According to the fire service in New South Wales, electrical appliances now account for four in every ten residential fire emergencies. Therefore, it’s important to be aware of the common causes so that you can prevent them from affecting your own home and life.
Unfortunately, many fires in homes are still caused by either faulty or outdated wiring. These days, every family home has several computers, TVs, devices being charged, and various other electrical demands. When this family lives in an older property, the electrical system may not have the capabilities to keep up with demand.
The older the house, the older the electrical system (if it hasn’t been improved since). While houses in the 1980s were built for appliances and maybe the odd TV, they cannot keep up with the electrical demands that society places on them today.
As the homeowners overload the electrical system, the wiring doesn’t have the right protection, and you’ll see a degradation of insulation and various other parts. Warning signs include blackening plug points, burnt light switches, and charred fixtures. If you don’t act on these warnings, the chance of experiencing an electrical fire continually increases.
Incorrect Light Bulbs
It might sound simple but putting the wrong lightbulb into a light fixture is the same as putting diesel in a petrol-powered car – it causes damage and stops working. With the light bulb drawing too much power, the fixture can overheat and cause a fire. With this in mind, make sure you have the right light bulbs for the fittings around the home.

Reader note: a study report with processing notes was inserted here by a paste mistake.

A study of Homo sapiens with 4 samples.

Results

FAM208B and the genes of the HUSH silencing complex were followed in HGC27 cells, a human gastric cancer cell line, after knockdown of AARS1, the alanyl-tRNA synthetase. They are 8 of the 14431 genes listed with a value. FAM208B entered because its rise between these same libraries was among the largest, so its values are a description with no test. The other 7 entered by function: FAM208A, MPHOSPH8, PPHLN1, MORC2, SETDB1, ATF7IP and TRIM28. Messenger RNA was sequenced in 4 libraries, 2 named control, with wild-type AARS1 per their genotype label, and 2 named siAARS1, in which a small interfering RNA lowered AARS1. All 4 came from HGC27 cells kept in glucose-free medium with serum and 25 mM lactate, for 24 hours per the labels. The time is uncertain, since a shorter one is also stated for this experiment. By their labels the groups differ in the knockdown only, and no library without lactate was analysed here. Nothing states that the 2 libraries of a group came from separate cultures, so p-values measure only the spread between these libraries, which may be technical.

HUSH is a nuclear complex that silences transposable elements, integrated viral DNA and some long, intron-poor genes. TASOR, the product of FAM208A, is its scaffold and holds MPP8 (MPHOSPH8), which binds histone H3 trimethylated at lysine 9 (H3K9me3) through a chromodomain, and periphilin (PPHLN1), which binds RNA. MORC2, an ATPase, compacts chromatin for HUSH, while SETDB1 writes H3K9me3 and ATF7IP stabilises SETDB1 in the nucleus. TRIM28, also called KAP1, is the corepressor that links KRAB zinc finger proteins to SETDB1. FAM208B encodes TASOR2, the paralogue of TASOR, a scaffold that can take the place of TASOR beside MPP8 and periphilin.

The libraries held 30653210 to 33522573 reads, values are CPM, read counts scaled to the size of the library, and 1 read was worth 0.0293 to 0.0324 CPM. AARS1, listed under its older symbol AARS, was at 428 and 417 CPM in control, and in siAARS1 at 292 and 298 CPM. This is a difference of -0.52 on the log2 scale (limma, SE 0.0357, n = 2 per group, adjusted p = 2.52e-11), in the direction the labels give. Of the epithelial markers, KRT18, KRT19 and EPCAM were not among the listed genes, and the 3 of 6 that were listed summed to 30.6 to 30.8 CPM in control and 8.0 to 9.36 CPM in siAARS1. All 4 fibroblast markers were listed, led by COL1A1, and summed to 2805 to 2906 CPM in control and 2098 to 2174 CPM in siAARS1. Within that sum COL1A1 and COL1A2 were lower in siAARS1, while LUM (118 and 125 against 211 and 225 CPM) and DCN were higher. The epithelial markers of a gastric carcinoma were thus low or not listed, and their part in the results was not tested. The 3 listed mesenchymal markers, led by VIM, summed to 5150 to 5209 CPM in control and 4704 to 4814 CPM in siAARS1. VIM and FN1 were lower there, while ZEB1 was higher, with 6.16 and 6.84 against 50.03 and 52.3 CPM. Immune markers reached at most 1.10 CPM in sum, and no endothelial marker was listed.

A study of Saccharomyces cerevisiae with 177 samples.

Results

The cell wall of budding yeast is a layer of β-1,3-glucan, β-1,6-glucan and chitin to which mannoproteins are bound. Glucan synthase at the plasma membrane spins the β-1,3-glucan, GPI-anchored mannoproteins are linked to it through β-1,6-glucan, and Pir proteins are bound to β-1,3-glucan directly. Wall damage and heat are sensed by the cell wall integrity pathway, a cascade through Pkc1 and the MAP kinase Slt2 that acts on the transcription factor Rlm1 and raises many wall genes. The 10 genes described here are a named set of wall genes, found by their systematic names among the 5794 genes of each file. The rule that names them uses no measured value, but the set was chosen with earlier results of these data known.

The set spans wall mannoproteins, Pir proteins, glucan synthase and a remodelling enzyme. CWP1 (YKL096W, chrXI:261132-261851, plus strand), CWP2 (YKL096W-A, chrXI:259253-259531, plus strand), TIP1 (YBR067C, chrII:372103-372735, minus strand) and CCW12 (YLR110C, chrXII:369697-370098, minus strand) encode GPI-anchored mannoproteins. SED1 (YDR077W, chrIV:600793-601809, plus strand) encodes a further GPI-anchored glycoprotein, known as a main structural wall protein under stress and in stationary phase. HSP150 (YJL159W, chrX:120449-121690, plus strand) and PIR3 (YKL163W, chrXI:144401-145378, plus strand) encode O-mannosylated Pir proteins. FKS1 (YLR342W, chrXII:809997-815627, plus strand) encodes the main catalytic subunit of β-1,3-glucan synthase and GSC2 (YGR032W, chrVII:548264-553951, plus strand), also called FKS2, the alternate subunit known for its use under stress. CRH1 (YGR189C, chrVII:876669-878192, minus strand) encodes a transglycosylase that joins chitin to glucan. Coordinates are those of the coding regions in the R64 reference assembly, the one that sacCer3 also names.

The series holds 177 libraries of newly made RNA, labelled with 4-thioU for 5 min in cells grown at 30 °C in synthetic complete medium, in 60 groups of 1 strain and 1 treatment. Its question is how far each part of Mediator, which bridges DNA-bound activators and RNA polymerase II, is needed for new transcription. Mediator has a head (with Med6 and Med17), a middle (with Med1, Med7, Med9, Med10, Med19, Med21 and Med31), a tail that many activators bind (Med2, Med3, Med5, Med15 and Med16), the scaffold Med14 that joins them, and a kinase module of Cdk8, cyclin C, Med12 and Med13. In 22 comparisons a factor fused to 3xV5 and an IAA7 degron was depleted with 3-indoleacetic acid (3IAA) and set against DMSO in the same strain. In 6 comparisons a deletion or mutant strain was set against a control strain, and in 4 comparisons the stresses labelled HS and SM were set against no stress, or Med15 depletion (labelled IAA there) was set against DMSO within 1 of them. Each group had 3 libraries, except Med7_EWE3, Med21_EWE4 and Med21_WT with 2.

Faulty Light Switches
If you’ve just moved into a new home and find that the switches don’t work too well, this could be a problem with the wiring. The longer you leave it, the more likely it is to transform into a much bigger problem. Therefore, hire an experienced electrician from Hillarys and allow them to look over the problem.
Overloaded Extension Cords
Sadly, bad habits also cause fires for homeowners. For example, one that has grown in recent years is overloading plug points and extension cords. When you use an extension cable, you should only use the number of slots available in the extension cable. For example, it might provide an extra three sockets.
In other words, you should never place an extension cable into an extension cable. A plug point was originally designed to take one appliance, and we’re pushing the limits by using extension cables. Therefore, you’re really pushing your luck by plugging seven different things into the same point in the wall.
If you’re going to use extension cables, try to get one with individual switches for each socket and turn off any plugs that aren’t in use. This way, you prevent overloading a single point and causing a house fire.
Other Common Causes of Electrical Fires
Elsewhere, it could be that a circuit breaker is tripping or that the electrical supply surges. While your home can survive the odd surge, problems start to arise when it happens frequently. Furthermore, a faulty RCD switch can also cause issues because this is the feature designed to prevent both fires and electrocution.
If you want to prevent an electrical fire in your home, make sure you follow the advice in this guide. Also, make sure you test and tag all of the appliances in your home. If you identify a problem, you can get the appliance repaired or replaced before it has a chance to cause bigger problems.